Tales of Caution: Bad Revelations
Hi, everybody. Bridget Mackay here. This is my video blog. I’m an attorney in Petaluma, doing wills, trusts, probate, trust administration. Today, I want to talk to you a little bit about one of my Tales of Caution and this I’ve titled, “Bad Revelation”. This is a story about the importance of making sure assets get titled into your trust. I’m going to tell you a little story about Richard and Sarah. They were in their 50s and they diligently got their trust in order, went to an attorney, had it drawn up, and believed they were providing for their children. They carefully laid out their wishes and thoughtfully chose who their trustee was going to be, and about 10 years went by after they had finished the trust, they felt very comfortable and relieved that that was taken care of. In that 10 year time, Sarah’s mom and dad had passed away and she had inherited a house in Southern California.
The attorney there transferred… Her parent’s attorney when her parents had died had transferred that house into Sarah’s name, because in California, any property you inherit from someone is your separate property if you’re married. They rented that house for a couple of years, they made a good profit on it during that time, but sadly Sarah was diagnosed with cancer, she fought a tough battle, but she died about a year and a half later after being diagnosed.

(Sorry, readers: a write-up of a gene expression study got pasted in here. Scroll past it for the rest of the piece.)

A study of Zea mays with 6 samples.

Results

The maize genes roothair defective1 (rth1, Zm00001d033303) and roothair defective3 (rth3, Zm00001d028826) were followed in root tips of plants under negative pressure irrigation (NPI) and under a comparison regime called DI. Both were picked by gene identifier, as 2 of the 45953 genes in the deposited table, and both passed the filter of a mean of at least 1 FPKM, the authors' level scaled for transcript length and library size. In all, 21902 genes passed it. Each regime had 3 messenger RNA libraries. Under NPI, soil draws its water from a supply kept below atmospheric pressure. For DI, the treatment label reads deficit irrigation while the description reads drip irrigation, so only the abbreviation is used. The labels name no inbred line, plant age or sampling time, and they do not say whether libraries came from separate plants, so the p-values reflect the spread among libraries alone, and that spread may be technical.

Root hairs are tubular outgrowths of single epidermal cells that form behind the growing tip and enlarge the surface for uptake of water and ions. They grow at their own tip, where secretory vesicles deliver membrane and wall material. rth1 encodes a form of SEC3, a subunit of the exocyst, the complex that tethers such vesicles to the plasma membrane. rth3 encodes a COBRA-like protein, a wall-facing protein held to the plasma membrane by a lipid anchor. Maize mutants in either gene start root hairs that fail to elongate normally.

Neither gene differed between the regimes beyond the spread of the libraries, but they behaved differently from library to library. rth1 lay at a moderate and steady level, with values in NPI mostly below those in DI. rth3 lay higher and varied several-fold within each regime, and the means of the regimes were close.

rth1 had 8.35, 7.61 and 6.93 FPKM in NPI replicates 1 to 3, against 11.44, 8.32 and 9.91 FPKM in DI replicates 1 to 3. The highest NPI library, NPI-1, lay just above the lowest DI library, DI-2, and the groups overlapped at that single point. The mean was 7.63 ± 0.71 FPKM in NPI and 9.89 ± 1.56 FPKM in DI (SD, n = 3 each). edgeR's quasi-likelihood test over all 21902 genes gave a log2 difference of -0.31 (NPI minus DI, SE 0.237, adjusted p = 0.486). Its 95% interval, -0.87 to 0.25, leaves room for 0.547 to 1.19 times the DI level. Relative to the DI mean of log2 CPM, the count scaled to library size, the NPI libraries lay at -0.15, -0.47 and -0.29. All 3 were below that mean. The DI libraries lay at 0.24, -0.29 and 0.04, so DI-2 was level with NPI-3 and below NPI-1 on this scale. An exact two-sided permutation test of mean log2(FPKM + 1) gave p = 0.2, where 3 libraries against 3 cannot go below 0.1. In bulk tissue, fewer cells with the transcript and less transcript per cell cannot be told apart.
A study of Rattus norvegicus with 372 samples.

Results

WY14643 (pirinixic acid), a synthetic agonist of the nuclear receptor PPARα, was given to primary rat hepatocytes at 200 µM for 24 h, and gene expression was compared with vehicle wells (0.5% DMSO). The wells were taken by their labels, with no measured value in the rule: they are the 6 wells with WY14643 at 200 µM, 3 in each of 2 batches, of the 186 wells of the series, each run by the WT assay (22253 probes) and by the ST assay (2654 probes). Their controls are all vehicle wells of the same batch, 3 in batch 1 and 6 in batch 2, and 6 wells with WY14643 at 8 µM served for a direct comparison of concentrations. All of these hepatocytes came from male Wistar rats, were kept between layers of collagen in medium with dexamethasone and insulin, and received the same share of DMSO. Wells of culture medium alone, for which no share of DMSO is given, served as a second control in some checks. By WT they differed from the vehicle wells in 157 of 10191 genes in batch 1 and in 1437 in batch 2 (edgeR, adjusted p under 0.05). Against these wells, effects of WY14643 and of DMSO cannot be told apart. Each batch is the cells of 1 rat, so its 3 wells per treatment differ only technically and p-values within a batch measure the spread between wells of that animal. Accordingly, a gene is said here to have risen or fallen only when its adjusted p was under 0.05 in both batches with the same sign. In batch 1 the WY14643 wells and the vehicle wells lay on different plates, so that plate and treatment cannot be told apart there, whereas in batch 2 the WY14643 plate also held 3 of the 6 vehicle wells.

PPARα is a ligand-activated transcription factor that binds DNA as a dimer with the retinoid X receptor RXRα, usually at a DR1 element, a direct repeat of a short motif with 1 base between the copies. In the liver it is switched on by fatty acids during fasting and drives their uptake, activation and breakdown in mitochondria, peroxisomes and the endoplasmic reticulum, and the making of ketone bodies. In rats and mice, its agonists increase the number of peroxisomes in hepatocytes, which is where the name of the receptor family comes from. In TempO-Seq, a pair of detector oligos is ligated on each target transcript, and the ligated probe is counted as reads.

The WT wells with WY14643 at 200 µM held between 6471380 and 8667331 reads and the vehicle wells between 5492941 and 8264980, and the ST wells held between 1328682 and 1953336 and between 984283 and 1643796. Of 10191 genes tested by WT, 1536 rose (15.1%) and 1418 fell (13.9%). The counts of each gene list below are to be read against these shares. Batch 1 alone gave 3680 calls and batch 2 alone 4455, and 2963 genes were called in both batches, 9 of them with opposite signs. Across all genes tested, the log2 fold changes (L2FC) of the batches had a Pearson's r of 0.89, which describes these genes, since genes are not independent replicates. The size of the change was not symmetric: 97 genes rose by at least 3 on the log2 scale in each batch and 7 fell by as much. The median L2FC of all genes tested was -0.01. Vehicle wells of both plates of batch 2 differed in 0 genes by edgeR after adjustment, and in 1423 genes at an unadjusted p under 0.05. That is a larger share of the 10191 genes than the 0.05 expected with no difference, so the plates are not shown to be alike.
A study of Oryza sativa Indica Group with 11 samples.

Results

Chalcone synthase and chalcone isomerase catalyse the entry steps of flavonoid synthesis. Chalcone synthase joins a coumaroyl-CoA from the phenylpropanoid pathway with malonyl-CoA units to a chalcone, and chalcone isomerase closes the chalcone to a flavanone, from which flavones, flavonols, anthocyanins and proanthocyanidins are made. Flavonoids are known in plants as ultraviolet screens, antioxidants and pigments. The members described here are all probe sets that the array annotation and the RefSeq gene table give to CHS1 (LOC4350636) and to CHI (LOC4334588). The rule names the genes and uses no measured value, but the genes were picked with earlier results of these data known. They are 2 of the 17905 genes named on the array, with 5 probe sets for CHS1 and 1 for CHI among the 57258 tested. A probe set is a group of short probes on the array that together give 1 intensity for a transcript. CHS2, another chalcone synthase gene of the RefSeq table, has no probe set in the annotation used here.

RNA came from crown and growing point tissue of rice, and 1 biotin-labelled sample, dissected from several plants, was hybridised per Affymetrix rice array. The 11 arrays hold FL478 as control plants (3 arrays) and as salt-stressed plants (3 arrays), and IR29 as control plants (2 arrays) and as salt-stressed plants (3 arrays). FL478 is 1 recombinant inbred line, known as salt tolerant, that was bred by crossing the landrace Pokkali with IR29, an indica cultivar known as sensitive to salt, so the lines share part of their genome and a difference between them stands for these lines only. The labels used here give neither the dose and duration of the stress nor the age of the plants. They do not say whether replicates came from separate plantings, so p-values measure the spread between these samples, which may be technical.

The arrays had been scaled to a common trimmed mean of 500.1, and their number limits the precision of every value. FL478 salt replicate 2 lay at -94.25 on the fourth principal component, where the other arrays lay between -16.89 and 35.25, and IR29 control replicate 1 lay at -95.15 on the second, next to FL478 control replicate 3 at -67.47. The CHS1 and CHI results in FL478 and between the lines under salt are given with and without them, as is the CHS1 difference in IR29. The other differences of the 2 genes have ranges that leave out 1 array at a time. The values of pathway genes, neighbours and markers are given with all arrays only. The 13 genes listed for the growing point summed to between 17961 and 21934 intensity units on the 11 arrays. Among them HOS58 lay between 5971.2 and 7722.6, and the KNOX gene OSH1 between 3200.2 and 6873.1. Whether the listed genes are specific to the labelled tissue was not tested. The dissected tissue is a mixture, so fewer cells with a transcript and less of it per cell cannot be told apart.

The Southern California house was never transferred to Richard or into their trust, so that was Richard’s bad revelation. He was surprised to find out when he went to their attorney, who had drawn up their trust, and find that the house in Southern California that Sarah had inherited, that was in her name, didn’t automatically transfer to the trust. Instead, he had to go through a costly probate in court to transfer that house into the trust and inherit it. And even though they had done a trust together and Richard was the sole heir of that trust while he was alive, because Sarah never recorded a deed saying that the house was hers as trustee of their trust, which was about a $50 cost to record that at the county in Southern California, Richard ended up spending months in court and tens of thousands of dollars to transfer that house after Sarah’s death to himself and into their joint trust for their children.
So the moral of the story is, always review your assets in and out of your trust periodically, with a qualified attorney. They will be able to tell you if you have everything you need funded in your trust and if there is ever any event where you would inherit money or you would inherit property, always consult your qualified attorney about that and how it relates to your trust.